Ab.400 From , joined Dec 1969, posts, RR: Posted (15 years 10 months 1 week 1 day 6 hours ago) and read 3628 times:
when I flew on BAe146, I mentioned that there was no thrust-reverse during both landings. After I looked at the engines it seems that they have no flaps to do so. Is it because of the relatively light-weight of this AC compared to other jets (B737, A320 and so on ) that they just don´t need this option ?
Almbluzman From United States of America, joined Dec 1999, 182 posts, RR: 1
Reply 2, posted (15 years 10 months 1 week 1 day 5 hours ago) and read 3489 times:
hey ab. 400 -
i posted a question a while ago about why the tail cone on a 146 splits open on landing. apparently, the tail cone splitting acts as a sort of speed brake. also, the 146 has spoilers all along the upper wing surface. these two design features allow the 146 to land without the usage of thrust reversers which help it get into smaller airports with more stringent noise restrictions. hope this makes sense - otherwise please correct me!!!!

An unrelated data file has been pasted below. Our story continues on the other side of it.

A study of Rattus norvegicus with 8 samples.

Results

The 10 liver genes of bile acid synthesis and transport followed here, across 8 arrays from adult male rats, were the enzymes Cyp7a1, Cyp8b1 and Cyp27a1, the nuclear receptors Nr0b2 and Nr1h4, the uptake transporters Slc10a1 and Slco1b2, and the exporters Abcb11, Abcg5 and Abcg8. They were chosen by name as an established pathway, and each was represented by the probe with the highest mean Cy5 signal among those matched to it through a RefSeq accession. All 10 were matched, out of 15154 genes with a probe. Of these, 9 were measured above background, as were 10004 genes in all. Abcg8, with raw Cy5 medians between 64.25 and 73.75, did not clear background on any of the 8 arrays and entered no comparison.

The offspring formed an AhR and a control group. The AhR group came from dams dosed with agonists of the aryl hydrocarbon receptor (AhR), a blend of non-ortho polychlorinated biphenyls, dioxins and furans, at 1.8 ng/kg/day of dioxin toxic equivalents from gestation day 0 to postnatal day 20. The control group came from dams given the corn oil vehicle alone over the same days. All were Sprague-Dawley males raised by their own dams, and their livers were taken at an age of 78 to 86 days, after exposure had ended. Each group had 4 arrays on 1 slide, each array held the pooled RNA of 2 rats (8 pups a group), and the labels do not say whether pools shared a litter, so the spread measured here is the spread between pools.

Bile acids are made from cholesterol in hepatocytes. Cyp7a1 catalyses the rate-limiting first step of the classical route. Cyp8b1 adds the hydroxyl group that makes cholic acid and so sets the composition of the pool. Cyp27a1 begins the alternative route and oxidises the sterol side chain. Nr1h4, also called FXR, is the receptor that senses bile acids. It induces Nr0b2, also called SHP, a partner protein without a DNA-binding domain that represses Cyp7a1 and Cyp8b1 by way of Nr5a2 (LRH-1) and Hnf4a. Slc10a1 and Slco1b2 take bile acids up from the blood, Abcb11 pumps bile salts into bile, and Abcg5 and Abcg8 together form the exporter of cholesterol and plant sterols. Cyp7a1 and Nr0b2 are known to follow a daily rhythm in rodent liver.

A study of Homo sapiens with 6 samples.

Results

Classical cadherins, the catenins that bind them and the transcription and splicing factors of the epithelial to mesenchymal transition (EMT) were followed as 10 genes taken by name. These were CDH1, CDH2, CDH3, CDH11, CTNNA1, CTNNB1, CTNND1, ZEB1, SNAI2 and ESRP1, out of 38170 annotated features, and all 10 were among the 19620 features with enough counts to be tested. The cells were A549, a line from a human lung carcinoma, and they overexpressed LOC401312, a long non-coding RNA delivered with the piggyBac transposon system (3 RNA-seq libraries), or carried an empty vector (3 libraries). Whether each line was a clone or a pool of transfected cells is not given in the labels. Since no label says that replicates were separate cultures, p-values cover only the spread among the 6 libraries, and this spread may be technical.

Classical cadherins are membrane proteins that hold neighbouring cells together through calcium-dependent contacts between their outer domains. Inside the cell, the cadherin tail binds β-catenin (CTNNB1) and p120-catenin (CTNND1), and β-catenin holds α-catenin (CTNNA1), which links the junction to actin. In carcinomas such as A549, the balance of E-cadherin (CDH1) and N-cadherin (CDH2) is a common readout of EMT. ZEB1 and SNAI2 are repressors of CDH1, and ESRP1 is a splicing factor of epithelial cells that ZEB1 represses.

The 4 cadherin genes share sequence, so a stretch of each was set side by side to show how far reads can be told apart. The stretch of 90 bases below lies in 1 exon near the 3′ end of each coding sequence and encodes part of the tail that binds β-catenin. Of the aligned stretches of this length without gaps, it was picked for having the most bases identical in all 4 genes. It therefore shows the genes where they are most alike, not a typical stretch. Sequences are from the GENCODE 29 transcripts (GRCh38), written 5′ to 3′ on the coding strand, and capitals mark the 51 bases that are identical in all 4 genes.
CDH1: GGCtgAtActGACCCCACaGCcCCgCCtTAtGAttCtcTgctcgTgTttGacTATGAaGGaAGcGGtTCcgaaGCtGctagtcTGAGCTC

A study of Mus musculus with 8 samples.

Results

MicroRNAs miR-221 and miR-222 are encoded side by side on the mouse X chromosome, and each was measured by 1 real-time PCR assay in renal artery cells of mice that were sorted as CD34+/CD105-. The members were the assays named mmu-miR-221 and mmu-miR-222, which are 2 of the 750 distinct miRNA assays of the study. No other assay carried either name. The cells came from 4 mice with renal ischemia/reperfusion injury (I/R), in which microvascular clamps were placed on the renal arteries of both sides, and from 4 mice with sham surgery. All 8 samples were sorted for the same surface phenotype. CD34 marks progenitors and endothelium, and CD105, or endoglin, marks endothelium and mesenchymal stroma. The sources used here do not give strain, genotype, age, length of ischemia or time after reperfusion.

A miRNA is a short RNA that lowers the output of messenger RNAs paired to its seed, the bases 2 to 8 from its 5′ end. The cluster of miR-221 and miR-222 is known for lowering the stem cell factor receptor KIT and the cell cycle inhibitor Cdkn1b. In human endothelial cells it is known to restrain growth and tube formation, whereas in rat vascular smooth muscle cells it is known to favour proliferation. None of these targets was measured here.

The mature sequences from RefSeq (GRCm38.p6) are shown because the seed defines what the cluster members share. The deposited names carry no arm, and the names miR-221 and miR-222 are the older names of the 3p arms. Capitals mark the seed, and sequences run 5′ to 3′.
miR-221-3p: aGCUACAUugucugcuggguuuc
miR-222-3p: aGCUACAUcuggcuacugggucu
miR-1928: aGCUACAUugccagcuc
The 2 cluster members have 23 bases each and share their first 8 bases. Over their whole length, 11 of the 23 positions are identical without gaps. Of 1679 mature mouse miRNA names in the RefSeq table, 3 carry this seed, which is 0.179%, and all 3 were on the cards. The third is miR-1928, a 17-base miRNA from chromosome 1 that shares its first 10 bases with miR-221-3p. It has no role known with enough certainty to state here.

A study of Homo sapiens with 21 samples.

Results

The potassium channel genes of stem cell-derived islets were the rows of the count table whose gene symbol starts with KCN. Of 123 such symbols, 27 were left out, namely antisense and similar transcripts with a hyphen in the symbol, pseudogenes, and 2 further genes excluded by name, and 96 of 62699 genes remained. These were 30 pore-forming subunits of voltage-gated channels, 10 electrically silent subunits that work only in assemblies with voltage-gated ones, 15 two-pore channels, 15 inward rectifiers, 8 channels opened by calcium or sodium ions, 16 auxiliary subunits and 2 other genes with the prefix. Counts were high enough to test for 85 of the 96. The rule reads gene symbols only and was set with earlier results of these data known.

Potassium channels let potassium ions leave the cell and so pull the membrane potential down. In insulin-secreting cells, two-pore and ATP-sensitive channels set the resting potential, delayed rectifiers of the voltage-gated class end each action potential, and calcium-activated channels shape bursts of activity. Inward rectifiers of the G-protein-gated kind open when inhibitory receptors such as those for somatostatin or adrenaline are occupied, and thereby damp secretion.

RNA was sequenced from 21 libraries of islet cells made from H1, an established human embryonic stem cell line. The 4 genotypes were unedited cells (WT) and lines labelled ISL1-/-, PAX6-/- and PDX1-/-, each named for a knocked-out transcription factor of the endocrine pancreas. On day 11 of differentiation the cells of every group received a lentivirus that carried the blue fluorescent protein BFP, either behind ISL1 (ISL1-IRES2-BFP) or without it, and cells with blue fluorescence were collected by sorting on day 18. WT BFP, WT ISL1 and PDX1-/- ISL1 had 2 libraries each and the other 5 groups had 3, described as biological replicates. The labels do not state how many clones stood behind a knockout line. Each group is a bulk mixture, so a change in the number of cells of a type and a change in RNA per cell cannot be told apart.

Buzz From United States of America, joined Nov 1999, 697 posts, RR: 19
Reply 3, posted (15 years 10 months 1 week 18 hours ago) and read 3439 times:
Hi AB 400, Buzz here. Sir VC-10 has it mostly right. There's that split speed brake up the tail. It's useful.
But the BA146 is fairly lightweight, has heavy duty brakes, and a low approach speed. So wheel brakes are adequate to get her slowed down.
The impressive array of wing spoilers spill enough lift so the wheels have more weight on them, more weight so she skids less from 120-60 knots.
Thust reversers are needed when you are really heavy say 4 or 5 hours of fuel aboard. Then if you reject a takeoff you will probably stay on the runway. The brakes on all the larger airliners will get you stopped without thrust reverse ONCE. You'll have orange-hot brakes and the tires will melt off the rims, but you'll survive....... assuming the guys who have to fix airplanes are in a reasonable mood.
Buzz Fuselsausage: Line Mechanic by night, DC-3 Crew Chief by choice.